Like this boat racing across the ocean, we set out to reconnect with the kindred spirits of our dismembered past. Those we thought had been lost to history.
I met Sheikh Gueye and Wanjiku Kiarie in London during the summer of 1980. Sheikh was a poet and a brilliant multi-lingual scholar from Senegal. He was on his way to Paris. He decided to stay. Wanjiku, a Kenyan actress was performing at Keskidee Centre, then a centre of excellence in Black British theatre. I was a graduate student at the London School of Economics, moonlighting on literature and high doses of music and poetry.
We called ourselves, “The African Dawn”. It was meant to be symbolic but the impact was immediate and sensational. Suddenly, the ecstatic sounds of ancient drums reverberated inside us, evoking streams of poetic verses that spoke powerfully to our history and contemporary experience.
We were miles away from home but there was something strangely familiar about the cold stare of London’s dazzling lights when night fell. The more we delved into our historical relationship with the imperial city, the more we realised the importance of being here. Those were heady political days when Westminster grappled with the twilight days of British colonialism and Apartheid in South Africa.
Tucked away in the brightly lit streets of London’s West End was Africa Centre which became the unofficial cultural headquarters of Africa. We rented a small office on the second floor and probably spent more time there than in our own flats.
Those were exciting days. Particularly inspiring were the deep conversations with legendary creative icons like Dennis Brutus, Louis Nkosi, Gylan Kaine of The Last Poets, Ngugi Wa’ Thiongo, Micere Mugi, Mac Tontoh, Kwame Ampadu and leading lights of our generation – Danbudzo Marechera, Imruh Bakari, Mahmoud Jamal, T Bone Wilson, Ben Okri, Pitika Ntuli, Rauf Adu, Merle Collins, Eugene Skeef, Jacob Ross, Kwate Nee Owoo, Nana Amo, Smiley Culture, Nana Danso Abiam and others.
The poets quickly gathered, composing and improvising on the go, sometimes with little time to even write down the stanzas. On stage, the words gushed forth like torrential rain, as soon as the music started. Could be Mbira, Hosho and box guitar or clapping from the audience.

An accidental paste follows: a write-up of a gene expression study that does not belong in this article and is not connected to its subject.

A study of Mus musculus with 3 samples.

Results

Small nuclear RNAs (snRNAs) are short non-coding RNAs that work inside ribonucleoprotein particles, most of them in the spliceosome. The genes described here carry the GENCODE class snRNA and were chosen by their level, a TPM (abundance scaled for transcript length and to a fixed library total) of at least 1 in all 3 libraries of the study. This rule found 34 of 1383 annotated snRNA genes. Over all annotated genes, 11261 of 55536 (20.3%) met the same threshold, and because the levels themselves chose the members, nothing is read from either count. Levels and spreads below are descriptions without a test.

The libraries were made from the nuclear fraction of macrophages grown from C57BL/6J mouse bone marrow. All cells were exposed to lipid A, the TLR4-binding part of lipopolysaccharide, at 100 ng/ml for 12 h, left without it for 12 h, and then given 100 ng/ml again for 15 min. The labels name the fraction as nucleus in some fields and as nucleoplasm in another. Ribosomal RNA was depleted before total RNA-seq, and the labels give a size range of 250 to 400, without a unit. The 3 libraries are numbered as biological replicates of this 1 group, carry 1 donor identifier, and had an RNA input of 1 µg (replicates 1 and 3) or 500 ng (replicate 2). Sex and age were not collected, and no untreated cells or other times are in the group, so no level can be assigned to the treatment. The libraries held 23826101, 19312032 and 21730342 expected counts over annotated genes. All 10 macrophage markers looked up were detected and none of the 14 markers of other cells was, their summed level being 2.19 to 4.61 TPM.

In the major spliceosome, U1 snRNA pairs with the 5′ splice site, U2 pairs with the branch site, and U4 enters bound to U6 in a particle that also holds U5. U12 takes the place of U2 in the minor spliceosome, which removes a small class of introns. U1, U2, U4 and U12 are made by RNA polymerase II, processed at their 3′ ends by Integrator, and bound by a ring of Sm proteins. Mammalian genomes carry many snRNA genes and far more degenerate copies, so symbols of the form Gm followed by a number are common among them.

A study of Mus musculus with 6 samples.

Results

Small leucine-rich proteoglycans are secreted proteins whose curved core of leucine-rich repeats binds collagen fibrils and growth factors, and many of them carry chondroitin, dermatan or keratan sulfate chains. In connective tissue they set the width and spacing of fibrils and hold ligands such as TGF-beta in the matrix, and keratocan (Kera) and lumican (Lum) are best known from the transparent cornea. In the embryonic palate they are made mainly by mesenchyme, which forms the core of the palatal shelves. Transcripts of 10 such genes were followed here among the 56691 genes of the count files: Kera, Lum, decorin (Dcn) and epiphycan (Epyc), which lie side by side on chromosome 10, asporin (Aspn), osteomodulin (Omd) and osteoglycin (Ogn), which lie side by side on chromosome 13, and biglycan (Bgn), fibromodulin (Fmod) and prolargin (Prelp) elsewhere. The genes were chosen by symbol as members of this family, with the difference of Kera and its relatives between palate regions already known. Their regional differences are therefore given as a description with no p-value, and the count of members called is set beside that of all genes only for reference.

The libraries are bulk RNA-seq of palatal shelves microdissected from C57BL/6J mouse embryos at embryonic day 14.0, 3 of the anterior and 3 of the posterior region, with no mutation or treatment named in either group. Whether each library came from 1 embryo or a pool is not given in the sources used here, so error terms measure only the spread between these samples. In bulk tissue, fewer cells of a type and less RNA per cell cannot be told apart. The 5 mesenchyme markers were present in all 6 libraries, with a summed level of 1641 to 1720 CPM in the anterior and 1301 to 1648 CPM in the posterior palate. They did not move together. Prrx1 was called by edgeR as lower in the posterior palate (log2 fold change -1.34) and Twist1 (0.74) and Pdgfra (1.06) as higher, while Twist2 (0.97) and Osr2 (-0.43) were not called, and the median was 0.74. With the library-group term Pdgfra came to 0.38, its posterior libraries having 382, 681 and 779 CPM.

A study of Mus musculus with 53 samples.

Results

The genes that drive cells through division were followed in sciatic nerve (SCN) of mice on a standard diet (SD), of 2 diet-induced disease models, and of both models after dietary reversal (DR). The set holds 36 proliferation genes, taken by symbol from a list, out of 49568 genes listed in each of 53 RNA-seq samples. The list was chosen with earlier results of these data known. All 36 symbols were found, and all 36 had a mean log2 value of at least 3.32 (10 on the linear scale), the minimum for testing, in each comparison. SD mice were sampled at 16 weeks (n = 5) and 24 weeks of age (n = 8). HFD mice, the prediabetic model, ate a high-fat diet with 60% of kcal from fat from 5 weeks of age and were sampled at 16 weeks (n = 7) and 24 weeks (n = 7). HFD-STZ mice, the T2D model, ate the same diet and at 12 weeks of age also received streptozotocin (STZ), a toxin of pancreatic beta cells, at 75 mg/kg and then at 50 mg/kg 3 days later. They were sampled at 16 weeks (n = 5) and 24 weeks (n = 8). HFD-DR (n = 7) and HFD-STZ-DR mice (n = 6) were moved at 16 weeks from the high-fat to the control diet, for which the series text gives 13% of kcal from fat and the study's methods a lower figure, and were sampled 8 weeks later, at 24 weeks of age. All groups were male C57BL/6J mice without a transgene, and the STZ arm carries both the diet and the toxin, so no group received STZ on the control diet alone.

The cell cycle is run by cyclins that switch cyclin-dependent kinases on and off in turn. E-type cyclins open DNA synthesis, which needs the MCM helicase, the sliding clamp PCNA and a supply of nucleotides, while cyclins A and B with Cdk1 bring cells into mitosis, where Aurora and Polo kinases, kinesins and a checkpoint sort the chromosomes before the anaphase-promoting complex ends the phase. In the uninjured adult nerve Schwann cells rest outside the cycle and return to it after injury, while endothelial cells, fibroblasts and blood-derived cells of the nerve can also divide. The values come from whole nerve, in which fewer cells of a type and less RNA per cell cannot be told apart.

A multiplicity of kindred spirits gathered under the iconic banner designed by Nadir Tharani of Tanzania, in joyful performances and conversations
At the time, Wala Danga, African Dawn drummer, also carved a niche for himself as “Africa’s Number 1 DJ” and music promoter. He brought to Africa Centre leading African stars like The Bundu Boys, Thomas Mapfumo, Kanda Bongo Man, and Fan Fan. It was also the time Jazzy B organised Soul II Soul raves at Africa Centre.
African Dawn received critical acclaim and won awards but nothing came close to the sheer joy of lighting a passionate flame for social justice evoking the beautiful fusion of dramatised poetry and music.
We started recording our poems and eventually released LPs on our own label, AD Records. Initially, we struggled. We were novices in advanced recording technology of the time. We also came to realise that the task of achieving the delicate balance between the poetic voice and music was not the forte of many recording engineers.
Luckily, we struck gold when we met Lindell Lewis, producer of Reggae hits of the 1980s by artists like Judy Boucher, Caroll Thomson, and Dennis Brown. Lindell was a really nice guy and genius on the mixing board. He was always willing to try out new ideas and miked African percussive instruments to good effect. He loved startling us with Reggae dubs on African drum waves!
We marketed and sold most of our LPs at performances. We also managed to make them available in some High street music shops through alternative distributors like Rough Trade and The Cartel.
In between recording and performing, we organised workshops, talks and exhibitions. The response was equally sensational. One of our most memorable workshop sessions took place at the Abeng Centre, opposite the Brixton Police Station on the night of the 1981 riots. In hot pursuit by the police, some of the rioting youth ran into our poetry and music workshop and pretended to be drummers!
Sheikh Gueye died in Senegal in September 2009. Before then, he had spent eventful years in East Africa. Hopefully soon, Sheikh would be duly recognised as one of Africa’s most sensational and accomplished poets.
Wanjiku emigrated to New Zealand during the mid-1980s. True to the original vision, other kindred poets joined the family as regular performers and guest artists. There were always ecstatic reunions and sad goodbyes.
It’s a great honour to release these tracks from African Dawn’s unique back catalogue. There will be more! It is important though to note that these tracks are not relics of some bygone age but living testimony to a creative movement that is as relevant today as when it first burst onto the scene.